05/09/2015 – SMEs form the vast majority of businesses in most countries and contribute strongly to employment and economic growth, but they face distinct challenges, particularly as concerns access to finance and relatively high tax compliance costs. Governments have a range of policy levers - including tax policies - that can support the growth and development of SMEs, according to a new OECD report presented to G20 finance ministers during a meeting in Ankara, Turkey.
Taxation of SMEs in OECD and G20 Countries assesses the impact of tax policies on the creation, form and growth of SMEs in 39 OECD and G20 countries. The report analyses the role and characteristics of SMEs in the economy, the taxation of SME income, tax preferences for SMEs and simplification measures targeted at SMEs. The report finds that tax systems can influence the creation and growth of SMEs through several avenues:
• In many countries, the taxation of SME income provides incentives for SMEs to incorporate and to distribute income in the form of capital;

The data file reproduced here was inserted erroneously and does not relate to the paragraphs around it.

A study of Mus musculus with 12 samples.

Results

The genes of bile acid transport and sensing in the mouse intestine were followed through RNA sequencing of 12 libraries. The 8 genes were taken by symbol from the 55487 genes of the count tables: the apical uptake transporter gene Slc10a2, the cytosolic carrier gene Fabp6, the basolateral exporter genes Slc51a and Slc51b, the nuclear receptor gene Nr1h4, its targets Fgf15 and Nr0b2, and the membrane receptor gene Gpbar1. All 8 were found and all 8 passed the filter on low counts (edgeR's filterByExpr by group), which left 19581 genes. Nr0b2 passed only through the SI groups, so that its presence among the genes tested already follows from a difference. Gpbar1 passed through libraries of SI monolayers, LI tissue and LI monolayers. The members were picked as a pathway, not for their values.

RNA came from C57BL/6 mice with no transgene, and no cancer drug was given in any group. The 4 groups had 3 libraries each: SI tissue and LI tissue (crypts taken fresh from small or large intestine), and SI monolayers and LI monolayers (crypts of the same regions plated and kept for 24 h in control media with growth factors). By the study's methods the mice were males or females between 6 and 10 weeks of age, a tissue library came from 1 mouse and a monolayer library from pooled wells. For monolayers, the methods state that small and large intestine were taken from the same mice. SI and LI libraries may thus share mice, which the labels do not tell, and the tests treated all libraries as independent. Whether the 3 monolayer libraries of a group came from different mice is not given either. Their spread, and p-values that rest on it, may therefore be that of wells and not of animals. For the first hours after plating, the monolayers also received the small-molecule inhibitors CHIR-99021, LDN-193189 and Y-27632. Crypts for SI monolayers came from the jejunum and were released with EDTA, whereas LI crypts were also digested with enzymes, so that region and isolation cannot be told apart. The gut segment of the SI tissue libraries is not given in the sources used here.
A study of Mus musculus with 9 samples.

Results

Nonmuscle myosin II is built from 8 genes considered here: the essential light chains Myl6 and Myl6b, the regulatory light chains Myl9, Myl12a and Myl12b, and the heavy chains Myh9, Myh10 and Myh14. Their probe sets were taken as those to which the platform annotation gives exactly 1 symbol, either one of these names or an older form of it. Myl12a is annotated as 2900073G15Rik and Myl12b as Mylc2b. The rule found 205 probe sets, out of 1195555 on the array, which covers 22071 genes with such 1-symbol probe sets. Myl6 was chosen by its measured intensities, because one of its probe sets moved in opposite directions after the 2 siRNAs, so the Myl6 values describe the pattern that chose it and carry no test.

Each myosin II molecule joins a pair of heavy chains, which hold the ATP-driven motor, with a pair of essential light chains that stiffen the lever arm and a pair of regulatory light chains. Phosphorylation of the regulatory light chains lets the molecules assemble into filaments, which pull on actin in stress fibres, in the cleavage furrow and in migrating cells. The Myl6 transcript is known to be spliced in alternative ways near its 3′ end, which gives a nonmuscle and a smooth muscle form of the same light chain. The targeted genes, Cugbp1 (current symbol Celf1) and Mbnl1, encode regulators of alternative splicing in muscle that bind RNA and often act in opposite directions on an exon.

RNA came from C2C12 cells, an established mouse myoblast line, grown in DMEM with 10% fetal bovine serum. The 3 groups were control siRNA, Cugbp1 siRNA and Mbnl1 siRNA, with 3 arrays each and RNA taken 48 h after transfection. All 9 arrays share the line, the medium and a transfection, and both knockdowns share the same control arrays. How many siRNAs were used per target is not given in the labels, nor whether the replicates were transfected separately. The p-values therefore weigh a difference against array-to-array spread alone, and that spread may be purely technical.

• Tax rules that apply to all businesses may disproportionately affect SMEs, particularly SMEs in their first years of operation or that are credit-constrained;
• Tax compliance costs are proportionately higher for SMEs than for larger firms.
The study examines tax preferences and simplifications specific to SMEs that governments use to address these concerns and to foster SME growth. Based on country experiences, it recommends that such polices be carefully targeted to affected SMEs, recognising that not all SMEs face the same challenges or have the same growth potential. In introducing preferential or simplified treatment for SMEs, the report recommends that care be taken to avoid imposing additional barriers to SME growth, additional complexity, or distortions to the wider economy.
“SMEs are a significant source of employment and growth in OECD and G20 economies,” said Pascal Saint-Amans, Director of the OECD’s Centre for Tax Policy and Administration. “Careful design of tax policy, and particularly of any tax preferences or simplifications targeted to SMEs, is vital to ensure that country tax systems support SME success.”
An embeddable version of the report is available on line, together with information about downloadable and print versions of the report.
For more information or a copy of the report, journalists should contact Pascal Saint-Amans, Director of the Centre for Tax Policy and Administration (CTPA) on +33 6 26 30 49 23, David Bradbury, Head of CTPA's Tax Policy and Statistics Division on +33 1 45 24 15 97, or the OECD Media Office on + 33 1 45 24 97 00.